One of the Golden Knights’ most crucial additions this postseason didn’t come from free agency. Or a trade. Or a draft pick.

It came from ticket sales.

The Knights have enjoyed playing in front of the largest crowds in the NHL during their playoff run and were at 100 percent capacity for their second-round series against the Colorado Avalanche.

Those fans made a difference.

Captain Mark Stone said “the tide changed” when the Knights returned home and were able to rally back from a 2-0 deficit to win in six games Friday. General manager Kelly McCrimmon said the crowd was specifically able to help the team push back in Game 3 when they were down 2-1 in the third period.

“I said after that game just to our own people that that’s maybe a game we don’t win in the bubble last year in Edmonton because you don’t have that extra boost that the fans give you,” McCrimmon said.

The fans will also give the Knights a crucial edge in their semifinal series against the Montreal Canadiens.

T-Mobile Arena will remain full when it hosts Games 1 and 2 as well as a possible Game 5 and 7. The Canadiens, on the other hand, only had an announced crowd of 2,500 in their final two games of the second round. It was the first time Montreal played in front of fans all season.

The difference in atmosphere between T-Mobile Arena and the Bell Centre should be jarring. It could help the Knights build on their 5-2 home record in the playoffs, including a 3-0 mark against Colorado.

“Honestly, if we don’t have full capacity and the rink rocking like it was in those games, I’m sure we’re playing a Game 7 on Saturday night,” coach Pete DeBoer said. “Huge shout out to T-Mobile and our fans and the governor for allowing it.”

Getting closer

DeBoer said after the Knights’ loss in the Western Conference Final last year that they needed to learn how to “grind some goals” if their rush opportunities were taken away.

So far, it looks like the team is doing that.

The Knights’ non-empty net goals last postseason came from an average distance of 22.89 feet. They’ve shortened that up to 18.47 feet during their current playoff run.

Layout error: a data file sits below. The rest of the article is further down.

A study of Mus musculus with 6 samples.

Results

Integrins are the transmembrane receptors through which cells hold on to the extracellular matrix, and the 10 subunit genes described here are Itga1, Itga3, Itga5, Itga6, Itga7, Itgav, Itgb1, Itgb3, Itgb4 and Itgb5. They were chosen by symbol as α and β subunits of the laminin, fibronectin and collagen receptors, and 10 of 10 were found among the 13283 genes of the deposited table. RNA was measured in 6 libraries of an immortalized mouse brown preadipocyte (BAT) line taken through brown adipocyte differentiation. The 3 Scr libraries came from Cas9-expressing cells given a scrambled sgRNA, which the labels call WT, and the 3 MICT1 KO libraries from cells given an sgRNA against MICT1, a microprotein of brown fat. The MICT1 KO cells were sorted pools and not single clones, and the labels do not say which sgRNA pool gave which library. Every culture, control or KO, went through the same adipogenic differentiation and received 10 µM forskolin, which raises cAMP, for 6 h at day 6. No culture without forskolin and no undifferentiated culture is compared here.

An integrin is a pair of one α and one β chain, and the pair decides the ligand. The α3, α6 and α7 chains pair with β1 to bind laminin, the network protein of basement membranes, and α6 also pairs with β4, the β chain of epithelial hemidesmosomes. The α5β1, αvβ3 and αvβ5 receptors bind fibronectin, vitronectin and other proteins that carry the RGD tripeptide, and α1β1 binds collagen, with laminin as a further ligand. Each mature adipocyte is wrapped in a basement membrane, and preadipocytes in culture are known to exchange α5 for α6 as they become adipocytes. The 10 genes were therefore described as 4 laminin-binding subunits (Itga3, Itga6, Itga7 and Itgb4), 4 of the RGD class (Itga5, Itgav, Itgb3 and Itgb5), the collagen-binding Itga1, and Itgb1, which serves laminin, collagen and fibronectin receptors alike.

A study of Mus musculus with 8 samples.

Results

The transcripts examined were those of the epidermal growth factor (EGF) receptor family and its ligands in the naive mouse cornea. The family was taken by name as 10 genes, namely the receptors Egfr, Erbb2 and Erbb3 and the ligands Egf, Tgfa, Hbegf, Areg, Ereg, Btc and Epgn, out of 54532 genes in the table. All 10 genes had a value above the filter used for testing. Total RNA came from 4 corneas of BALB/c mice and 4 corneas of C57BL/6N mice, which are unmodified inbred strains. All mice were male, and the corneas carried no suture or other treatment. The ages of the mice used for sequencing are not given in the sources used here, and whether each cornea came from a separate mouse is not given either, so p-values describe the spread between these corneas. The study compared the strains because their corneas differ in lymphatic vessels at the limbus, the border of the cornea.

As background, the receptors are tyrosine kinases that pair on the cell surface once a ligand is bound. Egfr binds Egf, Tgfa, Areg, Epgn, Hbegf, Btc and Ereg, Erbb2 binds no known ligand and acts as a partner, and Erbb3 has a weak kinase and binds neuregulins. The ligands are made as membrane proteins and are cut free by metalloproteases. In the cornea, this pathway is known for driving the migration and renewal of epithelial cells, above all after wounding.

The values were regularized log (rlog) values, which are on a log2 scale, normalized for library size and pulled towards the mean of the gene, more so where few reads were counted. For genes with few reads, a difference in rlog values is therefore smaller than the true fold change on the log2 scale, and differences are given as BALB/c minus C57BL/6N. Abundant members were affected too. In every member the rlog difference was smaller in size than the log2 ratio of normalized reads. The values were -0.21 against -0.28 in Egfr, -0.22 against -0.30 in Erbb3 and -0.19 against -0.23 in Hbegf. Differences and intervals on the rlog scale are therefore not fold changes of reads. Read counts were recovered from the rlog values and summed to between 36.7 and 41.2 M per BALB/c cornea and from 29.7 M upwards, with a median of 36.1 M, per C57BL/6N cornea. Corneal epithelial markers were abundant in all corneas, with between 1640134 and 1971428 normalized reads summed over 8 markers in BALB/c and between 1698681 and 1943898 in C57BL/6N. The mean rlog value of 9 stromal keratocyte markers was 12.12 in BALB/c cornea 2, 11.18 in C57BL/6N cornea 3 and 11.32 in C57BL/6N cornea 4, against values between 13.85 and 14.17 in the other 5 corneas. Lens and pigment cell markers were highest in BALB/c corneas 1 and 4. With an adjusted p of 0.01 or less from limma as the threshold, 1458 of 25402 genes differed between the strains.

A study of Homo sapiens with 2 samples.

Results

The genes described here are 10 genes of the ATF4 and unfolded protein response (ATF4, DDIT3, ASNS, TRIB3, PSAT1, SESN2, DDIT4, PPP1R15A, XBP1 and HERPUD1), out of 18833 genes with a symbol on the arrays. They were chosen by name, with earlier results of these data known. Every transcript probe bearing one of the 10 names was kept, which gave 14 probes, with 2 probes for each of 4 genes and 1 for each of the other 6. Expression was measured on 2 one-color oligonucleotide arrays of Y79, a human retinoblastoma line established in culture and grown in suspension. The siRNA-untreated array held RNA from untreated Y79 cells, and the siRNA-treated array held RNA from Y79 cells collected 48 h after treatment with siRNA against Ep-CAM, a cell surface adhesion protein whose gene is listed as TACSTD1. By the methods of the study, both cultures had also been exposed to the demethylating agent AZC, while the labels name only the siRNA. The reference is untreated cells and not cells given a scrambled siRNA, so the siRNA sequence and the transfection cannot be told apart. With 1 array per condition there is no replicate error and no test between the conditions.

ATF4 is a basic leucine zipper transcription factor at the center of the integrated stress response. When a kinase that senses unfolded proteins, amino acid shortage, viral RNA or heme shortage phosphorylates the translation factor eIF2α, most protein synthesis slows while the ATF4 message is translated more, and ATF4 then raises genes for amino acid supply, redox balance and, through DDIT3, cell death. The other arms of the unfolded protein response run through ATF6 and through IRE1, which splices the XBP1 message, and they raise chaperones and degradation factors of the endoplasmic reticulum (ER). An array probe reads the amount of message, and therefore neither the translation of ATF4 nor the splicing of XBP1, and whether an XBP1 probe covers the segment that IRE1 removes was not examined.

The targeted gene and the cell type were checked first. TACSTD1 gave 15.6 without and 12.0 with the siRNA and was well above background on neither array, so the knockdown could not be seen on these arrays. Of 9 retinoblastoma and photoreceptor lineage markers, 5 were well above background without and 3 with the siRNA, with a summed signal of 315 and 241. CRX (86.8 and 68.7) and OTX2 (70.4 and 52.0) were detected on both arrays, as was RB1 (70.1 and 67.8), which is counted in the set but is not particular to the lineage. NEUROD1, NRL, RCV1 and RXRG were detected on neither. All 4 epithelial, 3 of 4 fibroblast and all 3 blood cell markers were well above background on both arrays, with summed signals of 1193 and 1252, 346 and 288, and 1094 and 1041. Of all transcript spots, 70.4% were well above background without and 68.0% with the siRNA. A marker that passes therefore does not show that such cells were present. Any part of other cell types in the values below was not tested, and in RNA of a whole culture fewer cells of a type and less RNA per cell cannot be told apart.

The team showed it could score in numerous ways against Colorado, including getting two goals off deflections in the deciding Game 6.

“We see it in the playoffs, those goals are all coming from four or five feet away,” left wing William Carrier said. “We talked about it and we knew what we did wrong last year and regrouped.”

Fresh faces

This year’s semifinal round is unique in that none of the teams involved have played each other before.

The NHL went to a division-only schedule this regular season to reduce travel during the COVID-19 pandemic. So the Knights and Canadiens can only get to know each other from watching film before playing in Monday’s Game 1.

The Knights are 1-2-3 against Montreal all-time.

“It’s a little different,” said Canadiens forward Corey Perry, who was on the Dallas team that eliminated the Knights last postseason. “It’s a little weird. But you’ve seen the games, you’ve watched the games, you played them last year. It’s a different season, but Vegas has pretty much the same team as last year. You can kind of rely on that and go back to that.”

Injury updates

McCrimmon said rookie forward Peyton Krebs, who fractured his jaw in the third-to-last game of the regular season, is fully participating with the Knights taxi squad.

McCrimmon also said center Tomas Nosek, who hasn’t played since Game 2 against Minnesota, is getting “closer” and progressing in his recovery as expected.

Awards schedule

Stone will learn if he won the Selke Trophy for best defensive forward Friday, June 18, the NHL announced Friday.

Marc-Andre Fleury will learn if he won the Vezina Trophy for best goaltender in a 30-minute show that will take place during the Stanley Cup Final.

Contact Ben Gotz at bgotz@reviewjournal.com. Follow @BenSGotz on Twitter.